The CT image is composed of a range of CT numbers.
The range of the numbers is referred to as the Window Width (WW).
The center of the range is the Window Level (WL).
The WW and WL can be adjusted and can alter the image contrast and brightness.
The process of changing the WW and WL is referred to as Windowing.
Windowing is the process in which the grayscale of a particular image can be adjusted. This is typically done by the technologist or radiologist to better demonstrate certain anatomy or pathology.
WW controls the contrast
WL controls the brightness
The window width is the range of the grayscale that can be displayed.
The center of grayscale range is referred to as the window level.
A large window width means there is a long grayscale and the transition black to white will take longer.
A narrow window width means the transition from black to white will take place much faster. Some examples of WW and WL are listed below:
WW of 2000 HU could mean the grayscale ranges from -1000 HU to +1000 HU, with a WL of 0 HU.
WW of 100 HU could mean the grayscale only ranges from 0HU to +100 HU, with a WL of +50 HU.
WW of 600 HU could mean the grayscale ranges from -300 HU to +300 HU, with a WL of 0 HU.
It is important to adjust the WW settings so that the structures of interest are properly displayed. Including an unnecessarily wide WW range can reduce the ability to differentiate between differences in attenuation.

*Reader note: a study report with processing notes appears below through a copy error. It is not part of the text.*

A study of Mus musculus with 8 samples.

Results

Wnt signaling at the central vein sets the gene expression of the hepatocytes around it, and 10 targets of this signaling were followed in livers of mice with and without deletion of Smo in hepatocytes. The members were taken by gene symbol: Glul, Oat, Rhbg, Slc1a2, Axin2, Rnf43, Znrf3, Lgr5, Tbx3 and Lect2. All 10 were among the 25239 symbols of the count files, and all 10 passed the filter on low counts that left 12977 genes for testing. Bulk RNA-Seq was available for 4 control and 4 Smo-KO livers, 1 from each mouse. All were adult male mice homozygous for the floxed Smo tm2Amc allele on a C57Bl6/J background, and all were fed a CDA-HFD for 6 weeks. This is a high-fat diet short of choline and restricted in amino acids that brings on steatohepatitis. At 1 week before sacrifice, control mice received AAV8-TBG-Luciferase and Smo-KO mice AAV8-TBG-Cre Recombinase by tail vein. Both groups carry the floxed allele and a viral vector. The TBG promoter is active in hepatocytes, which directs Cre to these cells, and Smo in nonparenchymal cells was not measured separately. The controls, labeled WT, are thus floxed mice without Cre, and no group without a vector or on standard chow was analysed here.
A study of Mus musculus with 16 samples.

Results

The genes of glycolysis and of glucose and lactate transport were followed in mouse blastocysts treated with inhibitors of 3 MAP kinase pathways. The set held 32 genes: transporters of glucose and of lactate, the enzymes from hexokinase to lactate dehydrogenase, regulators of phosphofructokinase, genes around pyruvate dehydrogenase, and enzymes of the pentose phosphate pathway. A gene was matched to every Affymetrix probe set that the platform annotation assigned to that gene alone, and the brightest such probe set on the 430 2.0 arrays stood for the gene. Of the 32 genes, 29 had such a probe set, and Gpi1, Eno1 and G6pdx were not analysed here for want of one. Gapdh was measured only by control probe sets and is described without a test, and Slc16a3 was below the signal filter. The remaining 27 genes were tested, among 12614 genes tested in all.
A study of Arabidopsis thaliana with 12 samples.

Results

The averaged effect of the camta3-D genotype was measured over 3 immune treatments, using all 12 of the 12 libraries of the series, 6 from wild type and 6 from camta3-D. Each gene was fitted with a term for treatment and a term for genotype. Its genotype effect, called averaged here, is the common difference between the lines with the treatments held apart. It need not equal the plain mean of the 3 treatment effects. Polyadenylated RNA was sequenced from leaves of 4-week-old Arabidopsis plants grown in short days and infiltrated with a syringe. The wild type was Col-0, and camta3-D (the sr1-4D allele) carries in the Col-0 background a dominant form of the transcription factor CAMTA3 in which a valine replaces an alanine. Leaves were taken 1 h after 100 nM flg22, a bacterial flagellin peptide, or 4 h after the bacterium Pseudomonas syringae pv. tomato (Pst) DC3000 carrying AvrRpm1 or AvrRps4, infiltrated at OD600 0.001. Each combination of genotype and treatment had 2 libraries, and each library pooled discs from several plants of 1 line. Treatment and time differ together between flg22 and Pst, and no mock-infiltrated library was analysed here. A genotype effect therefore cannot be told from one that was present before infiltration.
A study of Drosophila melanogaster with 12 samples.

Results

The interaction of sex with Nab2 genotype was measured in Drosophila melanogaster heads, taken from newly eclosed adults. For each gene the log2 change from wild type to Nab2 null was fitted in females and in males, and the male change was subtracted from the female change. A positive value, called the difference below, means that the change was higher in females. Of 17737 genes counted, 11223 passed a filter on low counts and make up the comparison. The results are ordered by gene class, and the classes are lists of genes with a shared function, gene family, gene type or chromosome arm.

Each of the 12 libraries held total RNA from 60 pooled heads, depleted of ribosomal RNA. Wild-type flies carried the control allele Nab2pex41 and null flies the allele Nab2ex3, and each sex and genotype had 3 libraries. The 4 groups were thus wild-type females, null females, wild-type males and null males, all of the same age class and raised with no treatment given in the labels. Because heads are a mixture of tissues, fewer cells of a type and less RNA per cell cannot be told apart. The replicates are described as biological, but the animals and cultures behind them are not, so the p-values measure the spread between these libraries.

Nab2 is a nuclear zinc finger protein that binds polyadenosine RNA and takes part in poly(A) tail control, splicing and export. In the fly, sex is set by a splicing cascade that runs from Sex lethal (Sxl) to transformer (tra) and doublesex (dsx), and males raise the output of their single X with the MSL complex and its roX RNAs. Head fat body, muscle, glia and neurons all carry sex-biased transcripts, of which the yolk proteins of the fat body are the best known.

If the abdomen is the area that is being imaged, it is important to include a wide WW in order to properly display the various tissues and densities present in the anatomical area. It is common for abdomen imaging to contain fat, bone, air, and fluid.
If the area being imaged contains structures of similar densities, a narrow WW should be utilized to properly display the differences between the structures with similar attenuation.
The WL should be set so that it is near the CT number for the area of interest that is being imaged.
By adjusting the WW, the contrast of the image can be changed.
If the WW increases, the contrast decreases.
If the WW decreases, the contrast increases.
If the WW is decreased, the image goes from black to white quickly, with very few shades of gray in between.
In most instances, the contrast of an image is best with a medium WW setting. This will allow for most structures and gray shades to be displayed.